Laser Cutting Out of Square

I tried to build a nice box out of laser cut parts, and found that rectangles weren’t coming out rectangular!

It was off by about 0.38 degrees, or 5/16 inch across the whole bed. That’s a lot! Or not, depending on what you’re trying to make.


I went back and measured some other things with square corners that have been cut on Colaser. Ones from about a year ago are square, but more recent ones are not. This problem has been happening for months.

At first glance, this kind of error seems impossible. The designs in question are perfect rectangles, and they are aligned with the machine’s axes, so nothing subtle like slippage in the stepper motors would account for it. The cut sides would have to be perfectly parallel to the Y rails that the gantry moves on and the top and bottom would have to be perfectly parallel to the X rail on the gantry. I think this means the gantry itself must be out of square with the side rails.

I failed to find anything on the internet about this problem on our exact model of laser, but I did find a case where a smaller model from the same company had the same symptom. That smaller model is very different mechanically, but the relevant part of the mechanism is similar. There’s a shaft connecting the left rail drive belt pulley to the right rail drive belt pulley, and a coupler in the shaft. If either half of the shaft slips in the coupler or in its respective belt drive pulley, two belts become misaligned, and so the gantry is no longer perpendicular to the Y axis. Yes, that’s right, another alignment adjustment that I knew nothing about.

With some help from Robert, whose reserved laser time I horned in on, I was able to get this readjusted. I chose to adjust it at the coupler, since I couldn’t be sure the pulleys weren’t fixed into a particular position on the shaft by flats ground into the shaft. I loaded up a big sheet of cardboard onto the bed, set the power very low, and engraved a long horizontal line and a long vertical line, to match my 16×24 inch carpenter’s square. I set the square carefully on the vertical (Y axis) line, and measured the deviation of the horizontal (X axis) line. Scaled to match the full width of the bed, that is the amount of correction needed on one belt or the other.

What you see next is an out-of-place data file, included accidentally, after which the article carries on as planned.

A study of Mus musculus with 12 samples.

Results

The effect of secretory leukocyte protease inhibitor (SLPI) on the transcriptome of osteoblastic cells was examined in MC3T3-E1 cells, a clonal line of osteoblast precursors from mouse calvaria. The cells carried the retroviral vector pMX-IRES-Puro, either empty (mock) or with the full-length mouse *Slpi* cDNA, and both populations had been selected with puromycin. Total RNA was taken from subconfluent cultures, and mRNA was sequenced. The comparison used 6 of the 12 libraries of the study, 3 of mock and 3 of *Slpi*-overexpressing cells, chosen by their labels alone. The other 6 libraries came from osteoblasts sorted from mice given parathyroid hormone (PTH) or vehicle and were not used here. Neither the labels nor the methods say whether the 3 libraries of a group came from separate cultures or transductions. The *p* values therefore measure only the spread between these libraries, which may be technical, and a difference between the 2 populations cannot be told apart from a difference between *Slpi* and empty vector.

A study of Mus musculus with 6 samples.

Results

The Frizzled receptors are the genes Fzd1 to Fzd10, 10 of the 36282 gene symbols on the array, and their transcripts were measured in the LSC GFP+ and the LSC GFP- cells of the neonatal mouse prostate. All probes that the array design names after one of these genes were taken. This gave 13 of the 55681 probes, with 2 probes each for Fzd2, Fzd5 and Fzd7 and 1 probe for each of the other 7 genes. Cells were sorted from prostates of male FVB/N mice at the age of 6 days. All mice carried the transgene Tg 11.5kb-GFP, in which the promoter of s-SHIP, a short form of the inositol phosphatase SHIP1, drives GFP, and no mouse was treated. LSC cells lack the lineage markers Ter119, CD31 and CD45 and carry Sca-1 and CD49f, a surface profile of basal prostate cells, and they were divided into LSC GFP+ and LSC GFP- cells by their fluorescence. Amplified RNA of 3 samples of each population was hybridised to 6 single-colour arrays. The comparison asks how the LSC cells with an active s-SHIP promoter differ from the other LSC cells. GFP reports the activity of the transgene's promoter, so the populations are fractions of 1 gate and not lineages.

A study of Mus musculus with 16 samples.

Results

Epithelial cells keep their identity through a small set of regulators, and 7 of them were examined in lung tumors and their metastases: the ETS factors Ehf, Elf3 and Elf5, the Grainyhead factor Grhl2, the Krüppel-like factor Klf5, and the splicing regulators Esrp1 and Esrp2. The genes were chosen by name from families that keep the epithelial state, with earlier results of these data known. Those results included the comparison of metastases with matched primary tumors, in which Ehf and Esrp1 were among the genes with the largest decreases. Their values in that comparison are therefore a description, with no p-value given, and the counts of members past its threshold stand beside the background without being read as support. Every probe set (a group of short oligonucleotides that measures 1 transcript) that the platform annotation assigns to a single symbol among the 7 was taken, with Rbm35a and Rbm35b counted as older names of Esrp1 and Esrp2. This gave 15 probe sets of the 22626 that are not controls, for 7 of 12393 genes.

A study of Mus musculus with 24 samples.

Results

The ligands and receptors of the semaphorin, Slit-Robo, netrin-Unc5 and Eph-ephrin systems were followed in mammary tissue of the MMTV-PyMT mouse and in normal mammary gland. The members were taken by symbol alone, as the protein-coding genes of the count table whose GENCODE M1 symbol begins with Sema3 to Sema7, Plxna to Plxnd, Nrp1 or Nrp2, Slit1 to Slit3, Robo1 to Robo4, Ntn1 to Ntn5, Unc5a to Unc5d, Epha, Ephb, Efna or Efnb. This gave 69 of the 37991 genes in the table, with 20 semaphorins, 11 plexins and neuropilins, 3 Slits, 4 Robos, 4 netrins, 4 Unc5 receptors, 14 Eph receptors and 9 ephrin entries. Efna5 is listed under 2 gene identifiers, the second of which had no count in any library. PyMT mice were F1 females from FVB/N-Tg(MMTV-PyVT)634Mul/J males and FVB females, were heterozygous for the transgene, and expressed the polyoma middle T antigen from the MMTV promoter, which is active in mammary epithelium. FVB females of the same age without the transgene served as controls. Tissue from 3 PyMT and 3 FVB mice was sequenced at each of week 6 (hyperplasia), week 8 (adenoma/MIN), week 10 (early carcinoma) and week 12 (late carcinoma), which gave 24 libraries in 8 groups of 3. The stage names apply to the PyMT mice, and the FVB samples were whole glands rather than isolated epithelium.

The easiest way to adjust the alignment is to leave the machine turned on, so that the stepper motor holds the left half of the shaft from rotating. Then loosen the set screws on that half of the coupler, turn the coupler the appropriate amount, and retighten the set screws. The stepper motor is not so strong that it can’t be shifted, so some care is needed to avoid applying too much force to the fixed half of the shaft. The whole procedure requires care, for that matter, since the coupler is under and behind the fragile, expensive glass laser tube.

The easiest way to keep track of how far the belt has moved is to use the red laser dot, with the head as close to the side being adjusted as possible. We marked the cardboard with the utility knife, which makes a finer mark than any pen or pencil we had handy. Then we offset the laser dot by the amount we calculated it needed to move. Then Robert watched the laser dot while I rotated the coupler until the dot was again on top of the mark. Having two people makes this procedure much easier.

It still took us six tries and two or three hours to get it right, since we had to invent the procedure. Another thing that makes it take a while is that Mirror 2 needs to be readjusted after every adjustment of the gantry alignment.

At one point we had the gantry pretty far out of alignment, with the right side of the gantry closer to the front of the machine. When we tried to home the machine in this state, it hit the mechanical stop on the left side before it hit the limit switch on the right side. That means it made a horrendous noise (either the belt repeatedly jumping a tooth or the stepper motor repeatedly slamming against the stop, I couldn’t tell which) until the homing procedure was aborted.

Just to be clear, I’m not suggesting that regular laser users should attempt this procedure, or really any of the alignment procedures. I’m just documenting it here for reference by me or future laser technicians, and for general interest. As a user of the laser, it’s useful for you to be aware of what sorts of things can go out of adjustment, so you can be on the lookout for them. Now we know that if you are cutting parts that need to fit together precisely, it might be a good idea to verify that the X and Y axes are really perpendicular before you commit a lot of time or material.

So, how did this happen? I don’t know. All the set screws were nice and tight. The only thing I can figure is that somebody crashed the head hard in the Y axis and something slipped, despite being tight. If you do have a head crash, please let me know so I can check for alignment issues.